Dollar and Equities Trade Heavily Ahead of the Weekend

The second largest drop in US equities this year has spilled over to drag
global markets lower.
  The MSCI Asia Pacific Index fell nearly 0.5%,
snapping a four-day advance and cutting this week’s gain in half.  The Dow
Jones Stoxx did not completely escape the US carnage yesterday, but losses are
accelerating today, with a nearly 1% decline following a 0.6% decline

Despite the better than expected retail sales figures earlier in the
week, US yields have fallen this week. 
The 10-year yield is back below 2.20%, off four basis points. 
Today’s yield two-three basis points decline in European bonds leaves most bond
markets (except Spain) little changed on
the week.  

A combination of the terrorist strike in Spain and developments in
Washington are cited as the major drivers
of the slide in US equities, which was seen
in the consensus view as a trigger to the
dollar and drop in yields. 
Such explanations are surely part of it,
but we would also underscore the importance of what the Fed said in the
minutes.  We cited it yesterday, but think
is so important, we repeat it today: “vulnerabilities
associated with asset valuation pressures edged up from notable to
Fed upgraded its concern about asset prices (read stock market and long-term
bonds).  The following the day the stock market sells off and yet few draw
a connection.  

The US political tension escalated importantly
this week that is potentially important for investors.
  Up until now,
it seemed that the leadership of the large US companies were willing to work
with the new president, despite his unorthodox ways.  The economic agenda,
tax reform, deregulation, and infrastructure initiative had much to commend
itself to them.  

However, what has happened in recent days, is that the national
bourgeoisie wing of the coalition has begun defecting. 
That part of
the reason that rumors of NEC Director Cohn stepping down elicited such a
strong market response.   Confidence that Trump’s economic agenda
will be implemented has waned in recent
months, as the health care reform floundered, and one drama or another
distracted.   We did not emphasize Trump’s declining support as a market
factor because his base held.  There are signs of it cracking. 
Heightened policy uncertainty may not be conducive to the investment climate
and the same moment the Fed raises the decibel of its warning about asset prices.

The news stream is light and activity is winding down for the
The North American session features the University of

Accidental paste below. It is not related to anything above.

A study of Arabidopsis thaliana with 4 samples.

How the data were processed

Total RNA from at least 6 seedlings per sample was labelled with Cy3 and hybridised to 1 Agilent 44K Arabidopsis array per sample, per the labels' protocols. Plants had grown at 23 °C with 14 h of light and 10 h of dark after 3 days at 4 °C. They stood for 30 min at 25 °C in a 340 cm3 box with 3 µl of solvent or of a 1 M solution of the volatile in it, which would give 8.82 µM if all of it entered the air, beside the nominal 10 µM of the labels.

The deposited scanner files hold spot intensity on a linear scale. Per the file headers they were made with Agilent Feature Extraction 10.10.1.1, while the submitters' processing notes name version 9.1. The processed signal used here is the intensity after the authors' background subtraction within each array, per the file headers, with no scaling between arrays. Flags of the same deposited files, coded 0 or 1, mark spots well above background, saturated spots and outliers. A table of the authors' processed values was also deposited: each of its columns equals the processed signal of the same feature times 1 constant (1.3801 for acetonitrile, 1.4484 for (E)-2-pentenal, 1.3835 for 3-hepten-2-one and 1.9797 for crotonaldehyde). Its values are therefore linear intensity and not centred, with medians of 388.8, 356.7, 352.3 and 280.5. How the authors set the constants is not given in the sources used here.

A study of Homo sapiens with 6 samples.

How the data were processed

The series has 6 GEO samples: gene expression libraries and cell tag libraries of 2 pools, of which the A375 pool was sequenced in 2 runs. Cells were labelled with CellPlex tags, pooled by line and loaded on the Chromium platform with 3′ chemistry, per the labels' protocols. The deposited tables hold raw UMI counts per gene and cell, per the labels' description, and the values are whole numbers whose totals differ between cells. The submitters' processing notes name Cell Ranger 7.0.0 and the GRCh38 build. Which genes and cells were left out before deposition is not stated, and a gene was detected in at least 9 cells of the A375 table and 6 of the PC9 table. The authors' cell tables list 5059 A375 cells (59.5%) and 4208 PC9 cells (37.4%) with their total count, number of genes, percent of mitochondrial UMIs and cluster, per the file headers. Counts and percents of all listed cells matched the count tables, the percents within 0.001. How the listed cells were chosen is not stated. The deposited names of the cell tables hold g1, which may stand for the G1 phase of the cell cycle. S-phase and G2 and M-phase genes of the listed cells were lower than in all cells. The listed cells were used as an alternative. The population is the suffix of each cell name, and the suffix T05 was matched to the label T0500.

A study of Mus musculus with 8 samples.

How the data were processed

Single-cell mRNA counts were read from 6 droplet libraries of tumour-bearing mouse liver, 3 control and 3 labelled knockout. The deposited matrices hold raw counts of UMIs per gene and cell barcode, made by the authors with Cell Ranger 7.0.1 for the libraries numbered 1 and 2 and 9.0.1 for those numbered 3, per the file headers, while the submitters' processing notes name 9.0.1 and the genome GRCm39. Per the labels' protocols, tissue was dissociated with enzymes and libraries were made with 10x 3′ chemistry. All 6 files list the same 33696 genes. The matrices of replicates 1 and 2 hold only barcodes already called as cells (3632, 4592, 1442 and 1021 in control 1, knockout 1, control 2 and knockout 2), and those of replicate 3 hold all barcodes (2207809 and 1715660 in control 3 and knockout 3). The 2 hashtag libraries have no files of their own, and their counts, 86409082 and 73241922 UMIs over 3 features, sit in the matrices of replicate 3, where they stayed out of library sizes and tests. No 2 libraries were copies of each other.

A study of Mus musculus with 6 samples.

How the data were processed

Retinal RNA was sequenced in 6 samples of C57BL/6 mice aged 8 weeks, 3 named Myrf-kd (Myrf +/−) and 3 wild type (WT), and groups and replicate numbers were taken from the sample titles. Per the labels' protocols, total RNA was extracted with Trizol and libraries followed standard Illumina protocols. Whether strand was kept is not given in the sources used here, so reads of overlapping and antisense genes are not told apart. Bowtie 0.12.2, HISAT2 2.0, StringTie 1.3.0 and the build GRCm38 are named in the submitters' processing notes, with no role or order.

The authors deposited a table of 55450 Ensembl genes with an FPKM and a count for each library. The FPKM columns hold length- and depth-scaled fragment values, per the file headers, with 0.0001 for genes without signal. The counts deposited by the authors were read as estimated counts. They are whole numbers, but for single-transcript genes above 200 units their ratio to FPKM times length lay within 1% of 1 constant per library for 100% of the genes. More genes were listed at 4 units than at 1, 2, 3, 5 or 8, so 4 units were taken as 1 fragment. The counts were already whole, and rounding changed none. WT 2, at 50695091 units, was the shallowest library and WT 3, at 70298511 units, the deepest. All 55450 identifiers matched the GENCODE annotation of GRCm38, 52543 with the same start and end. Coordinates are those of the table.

Michigan’s consumer sentiment survey and inflation expectations.  It will be
the preliminary August reading.  Unless there is a large move in sentiment
survey, the most important part of the report is the long-term inflation
expectations.  Recall that the 5-10 year expectation finished 2016 at
2.3%.  After it rose to 2.6% in January, it eased and as recently as May
was at 2.4%.  However, it rose in June and July to return to 2.6%. 
It has not been above it since March 2016.  

Canada reports its July CPI data today.  Headline inflation,
which has fallen from  2.1% in January to 1.0% in June, is expected to
rise for the first time this year (to 1.2%).  The underlying measures run
a little higher than the headline.   Extrapolating from the OIS, market
expectations for an October hike (there is a Bank of Canada meeting on
September 6, but that is not the focus given the July rate hike) have been very
stable around 50% over the past month.   Investors may be more sensitive
to a weaker rather than a stronger report.  

The euro is trading within yesterday’s widest range in nearly two weeks. 
The euro has spent most of the week below the 20-day moving average (~$1.1760)
since the second half of June.   A series of lower highs creates a down
trend line that comes in today a little above $1.18, and $1.1760 in a week’s
time.  After reaching almost JPY111 in the middle of the week, the
combination of developments saw it briefly slip below JPY109.00.  A week
ago, the greenback made a low nearer JPY108.75.  Our work continues to
show a strong correlation between the change in US interest rates and changes
in the dollar-yen exchange rate.  

We note two emerging market developments.  First, Taiwan
upgraded it economic outlook for this year and next.  The anticipation of
stronger exports was key.  This is
not just about Taiwan.  Global trade
appears to be improving after being sluggish post-crisis.  While many
economists understand how trade can increase growth, it has become clearer that
stronger growth also facilitates trade.  Second, China’s Shanghai
Composite posted its biggest advance (~1.9%) in four months, though was little
changed today.   Separately, China announced it would restrict domestic companies from
investing in real estate, hotels, entertainment and sports clubs. 
Overseas investing in gambling will also be banned.